Productivity and Enthusiasm
During my holidays in my first year at university I did some warehouse work to earn some extra cash. My job involved offloading pallets of food from lorries using hydraulic pallet jacks and depositing them down a ramp from which the fork-lift truck drivers would collect them to stack in the warehouse.
Now when a lorry came in to be offloaded, there was nowhere to hide. Whether I was feeling full of enthusiasm for doing my job or bored witless, I still had to get to work. The net result was that whether my "enthusiasm" (E on the graph below) was low or very high, my "productivity" (P on the graph below) didn't vary that much.
What's this got to do with software? Well, the following years I started doing programming as a holiday job, and went on to become a full-time computer programmer. But I soon noticed that in the world of software development, my Productivity versus Enthusiasm curve was radically different.
Suppose I come into work feeling tired and the task I have been given to do is not an enjoyable one (e.g. fixing elusive bugs on a legacy product, or adding a pointless feature to please marketing, writing documentation). In that case I find that a day can easily go past where productivity is close to zero.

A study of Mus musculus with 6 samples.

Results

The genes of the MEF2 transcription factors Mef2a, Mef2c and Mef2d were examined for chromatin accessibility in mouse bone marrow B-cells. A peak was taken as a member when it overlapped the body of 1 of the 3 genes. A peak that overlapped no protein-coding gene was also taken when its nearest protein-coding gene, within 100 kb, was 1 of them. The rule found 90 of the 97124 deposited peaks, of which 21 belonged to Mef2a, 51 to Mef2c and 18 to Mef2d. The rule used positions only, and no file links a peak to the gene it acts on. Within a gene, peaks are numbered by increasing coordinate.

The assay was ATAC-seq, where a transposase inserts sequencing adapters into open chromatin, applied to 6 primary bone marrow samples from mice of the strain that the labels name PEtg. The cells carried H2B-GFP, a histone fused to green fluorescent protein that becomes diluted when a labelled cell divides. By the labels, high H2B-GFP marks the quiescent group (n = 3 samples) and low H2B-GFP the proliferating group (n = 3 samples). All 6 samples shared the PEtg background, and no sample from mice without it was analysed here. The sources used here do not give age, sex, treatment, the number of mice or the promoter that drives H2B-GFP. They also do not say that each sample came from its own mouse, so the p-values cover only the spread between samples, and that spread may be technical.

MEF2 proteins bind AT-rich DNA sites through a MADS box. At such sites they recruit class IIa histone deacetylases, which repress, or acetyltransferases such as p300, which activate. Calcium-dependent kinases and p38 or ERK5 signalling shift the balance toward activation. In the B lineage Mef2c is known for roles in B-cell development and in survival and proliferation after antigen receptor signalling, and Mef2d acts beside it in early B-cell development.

On the other hand there are days when I am feeling very enthusiastic about my work. Perhaps it is because I am learning and using some new and interesting technology, or perhaps I am refactoring some badly designed class into a really elegant and simple structure. In this case I find that my productivity increases exponentially. As long as I am not interrupted by distractions, in this state I can become super-productive, fixing bugs and churning out new features at an incredible rate.
Why the difference between the two graphs? Why could I get work done at the warehouse on low enthusiasm days, but not in the world of software development? The answer is simply that to write software requires concentration and concentration requires interest. At the warehouse I could offload lorries while thinking about all kinds of unrelated subjects. But to write code, my mental focus must be entirely on the task at hand.
If this is true, then the way to maximise productivity is to minimise boredom. If we recognise the things that capture our interest and enthusiasm, we can design development strategies that promote productivity.
This is I think part of the genius of the "agile" approach to software development. Running tests manually is boring, but writing automated tests is much more intellectually stimulating. Bug-fixing is boring, but refactoring code to improve its design while you fix a bug gives a real sense of achievement for a developer who takes pride in their work.
I don't expect boredom can ever be completely eliminated, and so there will always be the need to grit your teeth and show some professionalism. But the route to increased productivity in software development is more closely tied to motivation and enthusiasm than many of our managers seem to appreciate.